The cons are the lack of actual campsites. They are more like parking spaces. Probably to appeal to the people who use campers. The noise of the highway was constant and annoying.
Overall I enjoyed my time staying here. Wish I could have done more backcountry camping but the weather didn't permit it.
Campsites are perfectly spread apart. They do a fantastic job on keeping everything neat and orderly. Plenty of places to hike and if you want to have a picnic there is a picnic area right next to the creek where the kids can play. The loop around Cades cove just takes you back in time to much simpler time. You can rent bikes if want to take it slow.
Have been camping here for years even before current owners. Many different size sites and some are just too small for even a small camper. Price has gotten too high.
I’m a reluctant camper and hiker doing this to spend time with my family so factor that in to my review. I had a permit, but no one asked to see it. Perhaps anyone who might had left for the day. My pack weighed at least 30lbs. and I’m new to this, so it took me forever to get up here. It was dark by the time we arrived and boy, was I disappointed to learn this shelter is situated PAST the lodge. My exhaustion made the merriment I glimpsed behind its fire-warmed window panes seem cruel, but I’m sure it wasn’t as personal as it seemed in the moment. There were two other tents set up outside the shelter when we arrived so I set up my camp, silently, by the light of my otherwise useless iphone. I would’ve slept inside the shelter, even though the entrance was covered by a plastic tarp that read, “keep out” (because of COVID, maybe?), but my son told me there would be mice. Then, he did something with our food that involved some system of ropes and pulleys, but I didn’t care if I were eaten by a bear. At least then I wouldn’t have had to hike down. Or discover what a “compost toilet” is.
It's a pretty good campground overall, stayed there 2 or 3 times with my son's Cub Scout/Boy Scout pack. Generally it's a pretty quiet campground that doesn't see quite as much camping as you might expect from a state park. It's got a tiny gift store so it would be recommended that you either bring your own food and drinks or you can take a ride to either Williamsburg or LaFollette to stock up on items for your stay.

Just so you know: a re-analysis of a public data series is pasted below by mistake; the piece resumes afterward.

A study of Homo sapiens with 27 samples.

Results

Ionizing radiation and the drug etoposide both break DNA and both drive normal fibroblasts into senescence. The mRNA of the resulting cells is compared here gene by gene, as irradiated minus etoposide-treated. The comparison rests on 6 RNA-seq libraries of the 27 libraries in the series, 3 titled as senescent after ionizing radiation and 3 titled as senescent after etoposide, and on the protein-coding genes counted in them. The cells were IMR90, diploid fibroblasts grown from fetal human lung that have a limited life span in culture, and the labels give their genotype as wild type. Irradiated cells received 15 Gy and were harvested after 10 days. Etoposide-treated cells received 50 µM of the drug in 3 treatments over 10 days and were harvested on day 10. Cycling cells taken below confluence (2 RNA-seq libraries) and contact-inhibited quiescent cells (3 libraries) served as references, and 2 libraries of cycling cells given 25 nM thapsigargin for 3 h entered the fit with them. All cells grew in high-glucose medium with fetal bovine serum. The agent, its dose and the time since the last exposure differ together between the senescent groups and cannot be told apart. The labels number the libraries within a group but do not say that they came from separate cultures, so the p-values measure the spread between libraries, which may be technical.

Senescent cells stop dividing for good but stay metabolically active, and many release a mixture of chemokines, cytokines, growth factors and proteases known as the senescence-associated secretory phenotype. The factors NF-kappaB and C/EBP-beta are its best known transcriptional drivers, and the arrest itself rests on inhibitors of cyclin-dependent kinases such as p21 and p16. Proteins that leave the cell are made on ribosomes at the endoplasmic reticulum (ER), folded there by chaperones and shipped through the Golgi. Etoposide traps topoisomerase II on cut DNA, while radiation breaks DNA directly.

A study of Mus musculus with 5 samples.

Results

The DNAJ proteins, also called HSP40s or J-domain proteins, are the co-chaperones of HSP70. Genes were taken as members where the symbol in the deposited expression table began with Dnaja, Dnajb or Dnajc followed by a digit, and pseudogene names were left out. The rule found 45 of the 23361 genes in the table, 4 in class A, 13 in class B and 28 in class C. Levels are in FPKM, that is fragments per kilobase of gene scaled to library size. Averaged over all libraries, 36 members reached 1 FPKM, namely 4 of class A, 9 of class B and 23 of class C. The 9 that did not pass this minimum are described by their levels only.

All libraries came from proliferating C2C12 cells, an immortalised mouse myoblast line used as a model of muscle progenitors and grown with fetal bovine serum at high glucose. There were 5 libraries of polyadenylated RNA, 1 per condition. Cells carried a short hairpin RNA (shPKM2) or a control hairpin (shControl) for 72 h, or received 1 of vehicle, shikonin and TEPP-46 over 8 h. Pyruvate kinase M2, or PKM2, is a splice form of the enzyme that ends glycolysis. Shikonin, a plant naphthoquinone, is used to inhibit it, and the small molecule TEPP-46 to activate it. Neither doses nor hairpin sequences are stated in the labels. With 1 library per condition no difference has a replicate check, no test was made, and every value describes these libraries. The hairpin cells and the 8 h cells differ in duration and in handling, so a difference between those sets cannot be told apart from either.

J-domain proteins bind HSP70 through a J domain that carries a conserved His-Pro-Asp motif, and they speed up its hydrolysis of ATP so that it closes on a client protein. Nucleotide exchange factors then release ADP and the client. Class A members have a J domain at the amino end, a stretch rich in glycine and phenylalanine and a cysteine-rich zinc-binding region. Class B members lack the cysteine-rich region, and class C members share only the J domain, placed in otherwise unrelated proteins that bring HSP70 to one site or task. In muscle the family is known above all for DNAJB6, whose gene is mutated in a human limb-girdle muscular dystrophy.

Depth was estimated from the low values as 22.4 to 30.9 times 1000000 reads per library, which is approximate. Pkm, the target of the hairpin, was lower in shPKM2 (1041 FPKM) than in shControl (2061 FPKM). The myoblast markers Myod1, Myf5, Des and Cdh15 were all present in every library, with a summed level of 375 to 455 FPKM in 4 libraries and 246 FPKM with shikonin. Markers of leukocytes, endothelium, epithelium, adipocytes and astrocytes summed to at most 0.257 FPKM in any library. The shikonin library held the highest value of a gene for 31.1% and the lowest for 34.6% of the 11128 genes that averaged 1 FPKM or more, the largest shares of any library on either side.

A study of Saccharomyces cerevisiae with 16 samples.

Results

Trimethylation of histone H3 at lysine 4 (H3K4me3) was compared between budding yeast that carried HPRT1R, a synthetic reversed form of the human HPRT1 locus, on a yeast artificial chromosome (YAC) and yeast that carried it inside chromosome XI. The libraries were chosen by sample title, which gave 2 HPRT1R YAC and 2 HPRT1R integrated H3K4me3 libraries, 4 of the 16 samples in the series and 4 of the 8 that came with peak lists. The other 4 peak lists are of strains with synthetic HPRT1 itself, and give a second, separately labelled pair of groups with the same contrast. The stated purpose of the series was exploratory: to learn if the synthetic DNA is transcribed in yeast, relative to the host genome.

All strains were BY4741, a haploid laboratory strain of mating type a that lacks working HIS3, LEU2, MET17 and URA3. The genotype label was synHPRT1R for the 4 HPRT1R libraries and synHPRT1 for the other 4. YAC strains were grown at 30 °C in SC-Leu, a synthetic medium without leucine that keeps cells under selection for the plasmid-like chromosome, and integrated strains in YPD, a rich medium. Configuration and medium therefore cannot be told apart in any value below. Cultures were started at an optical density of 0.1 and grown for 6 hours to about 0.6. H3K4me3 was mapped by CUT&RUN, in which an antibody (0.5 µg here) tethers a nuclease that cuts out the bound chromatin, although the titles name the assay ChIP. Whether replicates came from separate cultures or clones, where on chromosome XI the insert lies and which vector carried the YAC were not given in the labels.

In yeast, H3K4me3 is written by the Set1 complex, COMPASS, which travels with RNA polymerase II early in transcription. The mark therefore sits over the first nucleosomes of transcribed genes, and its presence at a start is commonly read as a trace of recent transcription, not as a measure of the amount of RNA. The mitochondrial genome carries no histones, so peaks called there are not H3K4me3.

The lost cove campground can be found deep in the wilderness of the Cherokee National Forest outside of Benton, TN. The campground is operated and maintained by the USFS. Once leaving the pavement of the main road and traversing a well maintained gravel road for 7 miles you will reach the Lost Cove Campground. A portion of campground adjoins a small creek. The creek can be used for shallow water wading or fishing. During our visit in Mid January there were no other visitors at the campground. The campground offers concrete picnic tables, lantern post, a pit toilet and bear safe trash receptacles. There is no potable water available from a spicket and no Verizon cell reception.
I had the opportunity to tour this facility before it was open to the public. This is going to be a phenomenal RV Resort. Big-rig friendly, a HUGE pool with a hot tub, fishing, kayaking, and hiking trails. Inside the lodge, there will be meeting spaces, a retail store, and an on-site concierge. If you have been to Catherine's Landing, this resort is going to be even more magnificent (If that is even possible)!
Note that there are multiple campsites on this lake, some are drive up, some you have to walk to. There is also a campground called "Lake Santeetlah" that is not free. The site by the boat launch was quiet, free, and had beautiful views of the lake. I arrived right before sunset on a week day and found it unoccupied. There was a picnic table, and established flat area to set up a tent. No bathrooms or running water available.
Warning: the road to get to Lake Santeetlah has endless sharp turns & drop-offs, would not recommend driving this in the dark.
All around excellent experience from the check in with the Park Ranger, choice of lake view spots, nice bath house, and quiet location. Even with the short trip off the Interstate the side was quiet and scenic.
There are a number of sites either right on or with lake views. The bath house was clean and warm and very accessible to most RV stalls. The water at the stall was off, as expected, as we were there in Late December.
I plan on stay at this site again, so should you.